By Bufrey Dean
One of the most serious problems we face today is the breakdown of the American family. This problem not only affects our homes, but most assuredly affects our churches.
Many of today’s churches face seven habitual mysteries.
First is the mystery of the empty pew. Freedom to worship is apparently interpreted as freedom FROM worship.
Second is the mystery of the unaccompanied child. Many children are sent along with children of other families or dropped off by a parent who does not attend church. Then, some parents go to church without carrying their children with them.
Third is the mystery of the disappearing church member. Some move, disappear without a trace, and no one knows where they live.
Fourth is the mystery of the closed Bible. In many homes, the Bible merely gathers dust on a coffee table or book shelf.
Fifth is the mystery of buried talents. Many of God’s people have the ability to share and to serve, but hide their talents; refusing to use their God given talents either at church or in the community.
Sixth is the mystery of the grumbling child of God. With so much going for us, why do we develop a griping, complaining attitude?
The seventh mystery is the problem of the misused day. Some of God’s people use a beautiful Sabbath Day for almost everything else but the worship and praise of God.
If we could solve these seven mysteries of the churches, we could solve the problem of slow weakening and erosion of America’s greatest resource, the FAMILY. Just what is it that marks some homes as places where children feel they belong?
Colossians 2:2: “That their hearts might be comforted, being knit together in love,” is the feeling that makes children far better prepared to develop a healthy indepen- dance later in their lives.
By looking at families that are knit together, we see five principles surfacing almost all the time.
1– Families are knit together by expressing appreciation and praise.
Romans 13:3: “Do that which is good, and thou shalt have praise of the same.”
Proverbs 31:28: “Her children arise up, and call her blessed; her husband also, and he praiseth her.”
The influence of a loving mother is most important. “All that I am or hope to be, I owe to my mother, “ said Abraham Lincoln. Within a family, think how much of an effect the right praise can have on loved ones. Children who hear words of appreciation and praise often feel special and more a part of the family.
2– Families are knit together by listening and communicating.
Hebrews 13:16: “But to do good and to communicate forget not: for with such sacrifices God is well pleased.”
We must keep an open-door policy for listening and communicating.
Proverbs 22:6: “Train up a child in the way he should go: and when he is old, he will not depart from it.”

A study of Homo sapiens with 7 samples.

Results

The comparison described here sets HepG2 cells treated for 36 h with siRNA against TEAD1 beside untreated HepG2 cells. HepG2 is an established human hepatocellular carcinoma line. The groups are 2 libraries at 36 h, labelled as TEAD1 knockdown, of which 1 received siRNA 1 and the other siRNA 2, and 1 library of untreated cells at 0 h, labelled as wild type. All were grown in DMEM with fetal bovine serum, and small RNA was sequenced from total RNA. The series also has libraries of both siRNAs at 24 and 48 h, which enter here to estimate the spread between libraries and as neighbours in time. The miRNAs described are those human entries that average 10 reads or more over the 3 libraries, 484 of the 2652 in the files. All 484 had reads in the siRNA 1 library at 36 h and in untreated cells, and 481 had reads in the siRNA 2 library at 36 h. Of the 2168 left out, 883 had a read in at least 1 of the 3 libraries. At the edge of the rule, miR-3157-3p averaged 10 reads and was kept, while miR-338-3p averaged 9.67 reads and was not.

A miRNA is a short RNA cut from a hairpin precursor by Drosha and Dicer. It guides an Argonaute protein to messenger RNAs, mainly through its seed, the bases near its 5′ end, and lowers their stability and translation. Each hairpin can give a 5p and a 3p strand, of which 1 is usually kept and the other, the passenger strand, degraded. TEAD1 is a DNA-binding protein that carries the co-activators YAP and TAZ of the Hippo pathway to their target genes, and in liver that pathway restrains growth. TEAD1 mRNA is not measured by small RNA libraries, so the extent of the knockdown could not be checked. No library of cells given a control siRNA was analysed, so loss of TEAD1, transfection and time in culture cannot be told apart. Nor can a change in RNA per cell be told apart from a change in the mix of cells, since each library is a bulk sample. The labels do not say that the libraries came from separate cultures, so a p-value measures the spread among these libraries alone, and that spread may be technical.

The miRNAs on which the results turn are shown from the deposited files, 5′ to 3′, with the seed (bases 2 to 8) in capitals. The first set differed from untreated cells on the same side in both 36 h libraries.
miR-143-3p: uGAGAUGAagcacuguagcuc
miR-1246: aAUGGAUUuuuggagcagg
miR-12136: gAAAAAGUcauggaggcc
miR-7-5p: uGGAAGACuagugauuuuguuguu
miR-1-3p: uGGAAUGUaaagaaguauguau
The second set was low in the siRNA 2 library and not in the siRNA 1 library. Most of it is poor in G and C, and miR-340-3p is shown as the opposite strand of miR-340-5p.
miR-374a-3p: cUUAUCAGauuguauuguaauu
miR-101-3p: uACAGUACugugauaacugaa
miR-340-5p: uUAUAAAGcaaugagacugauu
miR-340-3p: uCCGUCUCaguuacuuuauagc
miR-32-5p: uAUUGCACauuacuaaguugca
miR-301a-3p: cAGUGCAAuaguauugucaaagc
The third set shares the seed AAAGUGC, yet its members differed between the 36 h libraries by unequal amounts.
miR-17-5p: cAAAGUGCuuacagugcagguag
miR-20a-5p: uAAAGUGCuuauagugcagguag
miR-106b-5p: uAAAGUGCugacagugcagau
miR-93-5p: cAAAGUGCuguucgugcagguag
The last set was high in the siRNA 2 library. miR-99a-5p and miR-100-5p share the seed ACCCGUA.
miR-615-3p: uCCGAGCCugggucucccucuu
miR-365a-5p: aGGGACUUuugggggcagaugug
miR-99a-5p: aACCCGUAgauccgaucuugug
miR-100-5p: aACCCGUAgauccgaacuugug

We as parents must travel in the way also in order to communicate effectively.
3– Families are knit together by providing a well-defined purpose for life. Set up a plan that includes three basics: First, honoring God, second, honoring each other and third, honoring the Sabbath Day.
Isaiah 58:13-14: “Call the sabbath a delight and honour him.”
Exodus 20:12: “Honour thy father and thy mother: that thy days may be long upon the land which the Lord thy God giveth thee.”
Psalms 29:2:“Give unto the Lord the glory due unto his name.”
4– Families are knit together by causing each person to feel a shared burden for each other.
Galatians 6:2: “Bear ye one another’s burdens, and so fulfill the law of Christ.”
Love is the fulfilling of the law. One thing that does unify the family is a trial suffered together, while cut-throat competition and extreme individuality will certainly divide a family. Surviving trials together in love and much understanding will bond us together and build unity.
5– Families are knit together by building a sense of belonging. Early in life, children do not see flaws in their parents. Yet the day will come when they begin to notice our imperfections. And when they do, if we try to deny them, we lose ground in their eyes and teach them to deny problems in their lives. By humbling ourselves and seeking correction, we can reverse that trend.
Proverbs 15:33:“Before honour is humility.”
I Peter 5:5: “be subject one to another, and be clothed with humility: for God resisteth the proud, and giveth grace to the humble.”
James 5:16: “Confess your faults one to another, and pray one for another.” I strongly believe that the family that prays together is the family that stays together.
With God’s help, may we apply these principles in our home for the bonding together of our family. I am convinced that as the family is strengthened and unified by seeking God’s help, then will more of our churches be found knit together in love.